Digging into the U.K.'s new child privacy rules.

The United Kingdom's Information Commissioner's Office's Age Appropriate Design Code, which went into effect on September 2, 2020, is the latest piece of global regulation designed to put kids' digital well-being first. The code is a strong example of how governments can support the creation of digital spaces that protect kids' privacy.

Common Sense has long supported the code. In a May 31, 2019, submission to the ICO in the U.K., Common Sense commended the regulator for its "efforts to support children's rights in the digital environment." And more recently, Common Sense CEO Jim Steyer expressed hope that the U.S. would follow the U.K.'s example soon, because it represents the type of protections he believes are necessary in the U.S.

Common Sense hosted a virtual workshop with the ICO to help educational technology organizations with implementation. So what does the code actually do? Here's a summary:

  • The code establishes standards and protections for children's personal data in compliance with the European Union's General Data Protection Regulation (GDPR).

  • It applies to "information society services (ISS) likely to be accessed by children (under 18)" in the U.K. ISS is defined very broadly as "any service normally provided for remuneration, at a distance, by electronic means and at the individual request of a recipient of services."

  • Generally, subject to some very narrow exceptions, if a company offers its service to users in the U.K. or monitors the behavior of users in the U.K., and the service is likely to be accessed by children, it must comply with the code.

  • The code sets out 15 flexible "standards of age appropriate design" that companies must implement by September 2, 2021. Companies must consider the best interest of the child, ages and stages of child development, parental controls, and transparency. Companies should not use children's personal data in ways detrimental to children's well-being, share data absent a compelling reason, or use nudge techniques to encourage children to provide unnecessary data. Companies also must adhere to published terms and conditions and conduct data protection impact assessments (DPIAs). Defaults should include "high privacy" settings, data minimization, and no geolocation tracking or profiling by default. Further, connected toys or devices must come with effective tools to control privacy, and children must be able to exercise their data protection rights and report concerns.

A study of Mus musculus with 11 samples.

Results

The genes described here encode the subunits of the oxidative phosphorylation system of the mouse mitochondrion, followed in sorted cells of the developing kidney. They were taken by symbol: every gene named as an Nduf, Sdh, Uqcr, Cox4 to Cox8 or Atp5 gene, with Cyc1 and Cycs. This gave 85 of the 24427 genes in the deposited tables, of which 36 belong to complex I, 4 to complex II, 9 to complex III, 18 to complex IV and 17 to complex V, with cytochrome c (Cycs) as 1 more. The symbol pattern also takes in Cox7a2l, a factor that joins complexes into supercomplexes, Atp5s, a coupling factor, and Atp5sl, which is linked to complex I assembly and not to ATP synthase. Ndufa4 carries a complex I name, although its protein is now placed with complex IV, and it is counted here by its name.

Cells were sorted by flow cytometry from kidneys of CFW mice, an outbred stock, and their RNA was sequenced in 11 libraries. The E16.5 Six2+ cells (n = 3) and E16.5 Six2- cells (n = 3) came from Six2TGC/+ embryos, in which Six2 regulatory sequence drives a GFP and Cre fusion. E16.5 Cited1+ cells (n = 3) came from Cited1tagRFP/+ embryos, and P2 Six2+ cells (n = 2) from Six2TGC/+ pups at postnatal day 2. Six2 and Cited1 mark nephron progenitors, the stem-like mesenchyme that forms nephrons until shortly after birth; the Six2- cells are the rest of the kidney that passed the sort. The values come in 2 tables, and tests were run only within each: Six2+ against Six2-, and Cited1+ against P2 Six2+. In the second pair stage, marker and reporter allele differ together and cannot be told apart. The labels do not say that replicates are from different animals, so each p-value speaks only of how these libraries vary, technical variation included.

• Because the code will apply to both new and existing services, companies must build these standards into their design processes from the start, into subsequent upgrade and service development processes, and into their DPIA process.

  • If organizations fail to do so, they could be fined up to €20 million (£17.5 million when the U.K. GDPR comes into effect) or 4% of the company's annual worldwide revenue, whichever is higher.

  • Starting September 2, 2021, the commissioner must consider the code when determining whether or not an online service has complied with its data protection obligations under the GDPR.

The code gives organizations 12 months -- i.e., until September 2, 2021 -- to conform to the new regulations. Additional information about the code can be found on the ICO's website.

Alyona Eidinger
Alyona Eidinger is a third-year student at Santa Clara University School of Law and was a fall 2020 extern for the Common Sense Privacy Program. While in law school, she became interested in privacy law and took several privacy law classes. She received the Witkin Award for Academic Excellence in Comparative Privacy Law. Prior to law school, she worked at a firm in an IP practice group.